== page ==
Roy Markham, a former successful New York attorney, becomes a private detective and his cases take him worldwide. For the first two months of the show, Markham had an assistant, John Riggs,... See full summary »
This was an anthology series that presented a different story and different set of characters on each episode. It ran from 1954 to 1958 and featured Casino Royale of James Bond fame that lead to a feature film of the same name.
Forty-five year old Edmond O'Brien played a former Broadway star who becomes a private detective. Presumably Johnny Midnight was his stage name, not his birth name. Johnny lives in a plush Manhattan penthouse with a stunning view of the city. Johnny has a wise-cracking young Japanese man for a "houseboy". A haunting version of "The Lullabye of Broadway" was the theme song. Johnny Midnight narrates his adventures in the classic Bogart/MacMurray style. The best thing about this series (other than O'Brien) was the title Johnny Midnight: what a great name for a noir character!
The producers of "Johnny Midnight" reportedly refused to hire an overweight Edmond O'Brien for the role unless he went on a crash vegetarian diet. Maybe the reason Johnny Midnight retired from Broadway stardom was his weight problem. However, O'Brien seemed to carry the weight easily and made a fine, rather dashing middle-aged hero.
Edmond O'Brien always straddled the line between character actor and leading man. He was memorable as the insurance investigator in "The Killers" and as an undercover cop after James Cagney in "White Heat". But O'Brien's tour de force role was as the poisoned CPA Frank Bigelow, who tries to find out who murdered him in the classic film noir "DOA". O'Brien was convincing in every department of that exceedingly demanding role. His narration and his sweaty and energetic acting kept the tension unrelenting. In reviewing the remake of "DOA", Siskell and Ebert both agreed that Dennis Quaid was a much better actor than Edmond O'Brien. I was dumbstruck by the comment. To me O'Brien was mesmerizing and Quaid seemed to have no emotional reaction at all to his impending doom. "DOA" is one of the great film plots like "Invasion of the Body Snatchers". It cries out for another, better remake and an actor of O'Brien's stature in the lead.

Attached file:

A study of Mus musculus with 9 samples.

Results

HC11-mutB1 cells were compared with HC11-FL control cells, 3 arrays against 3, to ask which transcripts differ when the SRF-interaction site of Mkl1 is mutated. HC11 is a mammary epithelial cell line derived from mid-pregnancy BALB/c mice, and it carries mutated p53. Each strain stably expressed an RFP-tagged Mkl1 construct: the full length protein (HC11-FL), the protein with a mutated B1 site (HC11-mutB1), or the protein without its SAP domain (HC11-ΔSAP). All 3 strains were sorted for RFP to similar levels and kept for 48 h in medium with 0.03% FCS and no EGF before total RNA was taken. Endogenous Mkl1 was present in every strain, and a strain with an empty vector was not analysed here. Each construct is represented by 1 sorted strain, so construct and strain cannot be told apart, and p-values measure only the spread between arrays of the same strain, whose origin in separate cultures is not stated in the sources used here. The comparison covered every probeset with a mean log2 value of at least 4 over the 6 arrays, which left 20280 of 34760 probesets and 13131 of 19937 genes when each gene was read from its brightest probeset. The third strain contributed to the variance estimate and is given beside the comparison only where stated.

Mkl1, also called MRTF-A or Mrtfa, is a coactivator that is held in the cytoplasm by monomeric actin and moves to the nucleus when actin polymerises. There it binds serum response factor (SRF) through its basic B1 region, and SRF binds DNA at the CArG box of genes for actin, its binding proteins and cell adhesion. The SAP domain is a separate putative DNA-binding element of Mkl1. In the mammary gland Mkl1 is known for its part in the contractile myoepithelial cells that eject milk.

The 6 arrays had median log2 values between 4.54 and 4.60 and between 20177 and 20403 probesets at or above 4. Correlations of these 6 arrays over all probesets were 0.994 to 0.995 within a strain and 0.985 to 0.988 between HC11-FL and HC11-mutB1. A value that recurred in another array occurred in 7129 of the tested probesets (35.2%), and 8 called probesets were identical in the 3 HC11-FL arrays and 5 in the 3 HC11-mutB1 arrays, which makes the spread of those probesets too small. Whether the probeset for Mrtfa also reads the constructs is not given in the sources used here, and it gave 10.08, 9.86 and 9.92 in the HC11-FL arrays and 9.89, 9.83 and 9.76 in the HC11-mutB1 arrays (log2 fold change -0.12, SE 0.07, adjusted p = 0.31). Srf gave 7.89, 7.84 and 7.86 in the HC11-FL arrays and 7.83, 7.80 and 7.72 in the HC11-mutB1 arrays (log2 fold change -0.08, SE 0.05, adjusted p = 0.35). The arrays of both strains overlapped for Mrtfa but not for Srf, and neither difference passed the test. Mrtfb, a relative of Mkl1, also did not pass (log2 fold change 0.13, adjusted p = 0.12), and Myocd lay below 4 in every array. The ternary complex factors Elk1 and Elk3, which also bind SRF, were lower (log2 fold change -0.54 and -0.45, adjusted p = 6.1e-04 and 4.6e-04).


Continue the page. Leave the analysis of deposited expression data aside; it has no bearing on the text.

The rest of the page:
"Johnny Midnight" was a thirty-minute show produced by Revue (later Universal Studios) in 1960. Other 30-minute detective shows produced by Revue at the time were "M Squad" with Lee Marvin, "Johnny Staccato" with John Cassavetes, "Mike Hammer" with Darren McGavin, "Markham" with Ray Milland, "Shotgun Slade" with Scott Brady and "Coronado 9" with Rod Cameron. All these shows were very professionally done but relied heavily on the charm and talent of their lead actor. Edmond O'Brien was always awfully good company, and "Johnny Midnight" is underrated.
O'Brien had two more series. At the age of 47 he gave a forceful performance as flamboyant San Francisco attorney "Sam Benedict" (1962) in an hour long drama. And O'Brien was excellent as Will Varner in a TV version of "The Long Hot Summer" (1965) with Roy Thinnes as Ben Quick, Nancy Malone as Clara Varner, Lana Wood as Eula and Ruth Roman as Minnie. O'Brien left "Summer" when the producers decided to focus on relative newcomer Thinnes, who was also exceptional. Dan O'Herlihy replaced O'Brien. O'Brien never played leading man roles again after taking on the role of Will Varner at the age of 50.
O'Brien managed to keep his film career alive at the same time that he was all over television. Some of his memorable 1960's films were "Seven Days in May" (Oscar nomination), "The Man Who Shot Liberty Valance", "The Longest Day" and "The Wild Bunch".
"Johnny Midnight" was the first time I saw O'Brien, and I have searched out his work ever since.